Thursday, March 24, 2016

CD Review: Hans Koller – Retrospection

(Review by Hugh C.)
Hans Koller, pianist and composer, is Bavarian by birth, but has been in the UK for the last 25 years and now bases himself between Birmingham and London.  In Retrospection. he (naturally) looks back over recordings from the last five years of his output.  In this project he marks the deep influence of his jazz-loving father.  Koller also cites influences from Thelonious Monk and Bill Evans to Lennie Tristano and Gil Evans.
Retrospection is a triple album.  Retrospection I includes three originals by Koller himself and arrangements of the music of Lennie Tristano, Thelonious Monk, Charlie Parker and Jeff Williams (drums) – who also features on the recording.  Steve Swallow guests on bass – the remainder of the band includes top name British musicians from Birmingham and beyond, including the splendidly named Percy Pursglove (trumpet).  
There are six tracks:  317 East 32nd Street (Tristano) – Solitudes – Ah-leu-cha  (Parker) – Clouds of Joy – Fun House of Living (Williams) – Automat.  The groove is generally straight ahead, no-nonsense jazz, and very listenable.
On Retrospection II Koller switches from piano to Wurlitzer and features US (now Birmingham, UK) alto player John O'Gallagher and the twin guitars of Jakob Bro and Phil Robson.  The guys are joined by some of the musicians on disc one.  This disc is generally more laid back and introspective.  This disc also has six tracks:  Content the Boatman Turns – The Gig (Herbie Nichols) – And No-One Knows – Der Tag mit Seinen Licht (JS Bach) – Half of Life (pt 1) – Half of Life (pt 2).  Christine Tobin features on vocals, adding her own style to the overall sound.  Half of Life, a poem by Holderlin, and a favourite of Koller's father is offered in two different renditions in Retrospection II (with Tobin's vocals) and again in Retrospection III (purely instrumental).  
Retrospection III was recorded in Hamburg and features seven Koller originals with the sound of the NDR Big BandNeden – Half of Life (pt 1) – Half of Life (pt 2) – Eins Zwie Drei Tier – Automat – Ohr / Uhr – Siguriyia.  Retrospection III returns to the straight ahead groove in tracks 1 and 2, with a more contemplative approach to Half of Life (pt 2).
Personnel not listed above include Finn Peters, Julian Siegel, Francois Theberge  (saxophones); Robbie Robson, Chris Batchelor (trumpet); Jim Rattigan (French horn); Mark Nightingale, Jeremy Price, Sarah Williams (trombones); Dave Whitford (bass), on discs I and II together with NDR Big Band members too numerous to mention individually on disc III.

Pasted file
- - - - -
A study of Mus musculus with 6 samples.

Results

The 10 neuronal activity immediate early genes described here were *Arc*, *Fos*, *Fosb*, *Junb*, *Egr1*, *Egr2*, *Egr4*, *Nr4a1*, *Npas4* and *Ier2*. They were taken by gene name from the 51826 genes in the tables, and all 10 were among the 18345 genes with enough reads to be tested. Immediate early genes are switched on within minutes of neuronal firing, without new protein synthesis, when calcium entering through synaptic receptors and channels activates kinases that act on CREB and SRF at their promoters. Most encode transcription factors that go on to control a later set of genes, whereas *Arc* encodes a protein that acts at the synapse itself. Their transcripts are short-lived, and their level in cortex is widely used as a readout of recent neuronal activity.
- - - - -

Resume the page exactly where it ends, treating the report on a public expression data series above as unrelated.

OK so far – now it's time for an admission.  The title “CD Review” is perhaps a little misleading.  This reviewer did indeed listen to the three promotional compact discs supplied in their neat card wrappers to Bebop Spoken Here, each disc coming in at a handy 40 minutes or so.  Now here's the rub – this recording is only being made available as a limited 180g vinyl triple album (with extensive liner notes by John Fordham, original artwork and design) – RRP £30 - or as a digital download (a free digital download is included in the price of the vinyl discs).  I personally think the record company are listening too hard to their trendy marketing people and are possibly missing a trick here – but that is just my opinion.
Hugh C
Retrospection is released in the UK on April 15 by Stoney Lane Records – available as triple vinyl or download.  Catalogue #SLR1920. 
Holderlin's poem Half of Life can be heard and read (in English translation) here:

1 comment :

Sam said...

Thanks for taking the time to listen and write, Hugh!

Hans was really keen to produce his music on vinyl (which we're co-releasing with Impossible Ark Records), and we were all quite excited to be able to release these three recordings in quite a special way. I'm so glad we did, as it looks and sounds lovely, and I'm now a vinyl convert! Alas the trendy marketing people (me, with no hipster beard or kale chips in sight!) found the cost of making triple CD albums as well as records would prove beyond our small indy label/busking budget - possibly something we can make in the future if we sell some records first!